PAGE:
The Justice Sector Development Project II (JSDP II)
Access to justice, a central tenet of democratic governance, has become a salient marker of judicial operations in Bosnia-Herzegovina since EWMI began its Justice Sector Development Project II (JSDP II) in 2009. Prior to 2009, political expediency—rather than principles of fairness and transparency—drove the appointment process for top prosecutors and judges. This practice not only undermined public faith in the judiciary but also created a vacuum of qualified lawyers able to enforce judicial precedent and act within the scope of their powers. The introduction of a more merit based system for judicial appointment stood to strengthen the rule of law in the country.
JSDP II was able to achieve this goal through developing a new written entrance exam and systemizing the oral interview process for judicial and prosecutorial candidates. This new system, long championed by reformers, relies on objective and transparent guidelines to measure a candidate’s competencies. Because the HJPC is charged with administering the tests itself, the executive branch cannot exert undue political influence on the process. The new written exam and structured interview procedures were implemented this May.
Initiatives to professionalize the judiciary complement other long-standing programs to streamline court efficiency. Determining, and then publicizing, the expected length of judicial proceedings is a necessary component of due process. A new and more predictable system for processing case timeframes, initially funded through a grant from the Norwegian government, better protects the rights of Bosnian defendants by significantly reducing delayed proceedings and case backlog. It compels court presidents and chief prosecutors to resolve cases within predictable timeframes. As a consequence, the systems transform the courts and POs into more predictable and reliable bodies. In fact, half of all POs in country are now applying rigorous prosecutorial administration standards based on European best practices that were developed by JSDP II. The High Judicial and Prosecutorial Council (HJPC) has also pledged that it will require all POs to issue such annual reports to the public on significant events in the court calendar.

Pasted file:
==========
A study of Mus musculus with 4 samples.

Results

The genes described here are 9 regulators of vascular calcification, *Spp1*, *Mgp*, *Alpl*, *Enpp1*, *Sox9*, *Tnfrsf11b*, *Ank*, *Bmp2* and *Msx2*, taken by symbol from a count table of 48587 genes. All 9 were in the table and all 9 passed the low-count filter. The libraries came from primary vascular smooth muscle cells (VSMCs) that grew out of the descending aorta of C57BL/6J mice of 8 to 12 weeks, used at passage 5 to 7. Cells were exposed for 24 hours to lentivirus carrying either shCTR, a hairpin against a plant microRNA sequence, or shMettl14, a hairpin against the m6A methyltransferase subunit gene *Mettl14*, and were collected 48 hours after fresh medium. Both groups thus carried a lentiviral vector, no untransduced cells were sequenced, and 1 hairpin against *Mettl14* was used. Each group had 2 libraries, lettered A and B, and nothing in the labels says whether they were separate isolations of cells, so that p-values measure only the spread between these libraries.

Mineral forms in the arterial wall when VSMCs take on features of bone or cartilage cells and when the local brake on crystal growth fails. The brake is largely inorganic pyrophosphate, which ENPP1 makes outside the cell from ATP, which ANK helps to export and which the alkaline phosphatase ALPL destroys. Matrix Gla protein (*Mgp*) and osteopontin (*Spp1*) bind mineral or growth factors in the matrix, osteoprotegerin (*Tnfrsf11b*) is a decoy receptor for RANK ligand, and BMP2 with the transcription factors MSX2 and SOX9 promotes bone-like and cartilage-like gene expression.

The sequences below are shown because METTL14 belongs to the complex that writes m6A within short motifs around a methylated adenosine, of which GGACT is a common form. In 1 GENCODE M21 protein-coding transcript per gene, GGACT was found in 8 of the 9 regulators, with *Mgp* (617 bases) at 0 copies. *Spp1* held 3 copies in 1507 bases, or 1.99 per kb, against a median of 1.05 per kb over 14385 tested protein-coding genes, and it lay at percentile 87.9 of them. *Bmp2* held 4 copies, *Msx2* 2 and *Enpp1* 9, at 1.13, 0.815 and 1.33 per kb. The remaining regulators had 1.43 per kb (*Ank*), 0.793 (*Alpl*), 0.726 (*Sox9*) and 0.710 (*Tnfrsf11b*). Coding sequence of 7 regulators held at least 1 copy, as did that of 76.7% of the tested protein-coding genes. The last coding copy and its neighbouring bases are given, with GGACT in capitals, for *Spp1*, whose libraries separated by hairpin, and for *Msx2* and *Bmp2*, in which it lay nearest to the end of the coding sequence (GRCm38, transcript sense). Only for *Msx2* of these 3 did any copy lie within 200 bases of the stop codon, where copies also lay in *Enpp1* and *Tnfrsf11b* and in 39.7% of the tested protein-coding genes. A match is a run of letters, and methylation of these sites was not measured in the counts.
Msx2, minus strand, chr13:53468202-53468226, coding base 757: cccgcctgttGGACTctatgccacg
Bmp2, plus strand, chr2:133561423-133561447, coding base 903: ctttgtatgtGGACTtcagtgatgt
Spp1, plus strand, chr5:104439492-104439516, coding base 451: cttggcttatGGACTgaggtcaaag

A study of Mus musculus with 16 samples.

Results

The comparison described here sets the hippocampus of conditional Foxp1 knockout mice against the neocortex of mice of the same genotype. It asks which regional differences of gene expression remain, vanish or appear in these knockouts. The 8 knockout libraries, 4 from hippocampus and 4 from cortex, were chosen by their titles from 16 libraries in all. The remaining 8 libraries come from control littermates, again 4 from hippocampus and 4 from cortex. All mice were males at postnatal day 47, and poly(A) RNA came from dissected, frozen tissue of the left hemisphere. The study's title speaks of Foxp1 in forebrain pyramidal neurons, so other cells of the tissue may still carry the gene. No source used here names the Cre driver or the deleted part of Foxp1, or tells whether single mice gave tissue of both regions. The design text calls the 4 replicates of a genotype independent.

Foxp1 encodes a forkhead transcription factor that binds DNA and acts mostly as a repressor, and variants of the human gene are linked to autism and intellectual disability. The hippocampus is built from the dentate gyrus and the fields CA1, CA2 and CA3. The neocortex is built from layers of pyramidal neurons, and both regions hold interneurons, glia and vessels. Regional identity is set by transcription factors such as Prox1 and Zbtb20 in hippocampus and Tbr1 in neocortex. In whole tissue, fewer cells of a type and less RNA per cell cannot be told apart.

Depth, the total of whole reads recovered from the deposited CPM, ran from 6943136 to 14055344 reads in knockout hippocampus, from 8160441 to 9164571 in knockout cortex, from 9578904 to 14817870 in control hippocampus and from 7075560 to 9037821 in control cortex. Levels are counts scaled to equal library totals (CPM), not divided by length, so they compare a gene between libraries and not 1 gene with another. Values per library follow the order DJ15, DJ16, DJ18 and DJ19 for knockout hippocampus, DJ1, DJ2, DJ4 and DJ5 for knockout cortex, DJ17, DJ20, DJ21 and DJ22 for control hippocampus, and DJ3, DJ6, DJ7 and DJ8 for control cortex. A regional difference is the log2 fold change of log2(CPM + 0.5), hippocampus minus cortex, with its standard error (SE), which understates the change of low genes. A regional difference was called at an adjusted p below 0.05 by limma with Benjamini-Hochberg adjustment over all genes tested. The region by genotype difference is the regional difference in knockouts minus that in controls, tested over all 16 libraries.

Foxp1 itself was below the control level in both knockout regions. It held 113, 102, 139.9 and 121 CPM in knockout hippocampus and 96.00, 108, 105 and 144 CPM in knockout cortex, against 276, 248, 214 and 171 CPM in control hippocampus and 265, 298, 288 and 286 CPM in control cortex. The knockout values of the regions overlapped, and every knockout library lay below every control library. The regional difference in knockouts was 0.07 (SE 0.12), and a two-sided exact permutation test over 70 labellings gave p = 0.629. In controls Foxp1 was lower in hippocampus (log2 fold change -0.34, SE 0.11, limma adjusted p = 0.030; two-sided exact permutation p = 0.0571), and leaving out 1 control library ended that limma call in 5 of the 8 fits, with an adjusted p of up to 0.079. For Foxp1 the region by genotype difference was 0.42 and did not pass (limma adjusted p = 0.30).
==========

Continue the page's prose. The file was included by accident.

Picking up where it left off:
Easy access to publicly available information has also been accomplished through the creation of a Justice Network. A coalition of over 60 NGOs and professional associations dedicated to advancing the rule of law, the Network successfully launched a website as well as a series of information sheets to raise public awareness of the policies that compromise judicial independence. To provide Bosnian citizens with an in-depth, step-by-step look at how the justice system functions, the Network supported the intensive training of 30 selected journalists in monitoring war crime trials. Their investigative reporting encouraged new witnesses to come forward and share their stories. These testimonies led to the first ever criminal investigation and prosecution of a woman accused of war crimes, as well as the prosecution of systemic rapes within a concentration camp in the Foca area.
In addition to mounting public pressure campaigns, the Network also worked directly with the Courts to produce much needed reforms. In April 2013, the Justice Network trained over 80 judges and prosecutors on how to strike a balance between the requirement for public hearings and the protection of personal data. The trainings ultimately encouraged judges to issue public judgments and indictments, a step that was formalized with the restructuring of the Personal Data Protection Agency. As a result of these advocacy efforts, the judicial system is now perceived as a more viable mechanism for legal recourse.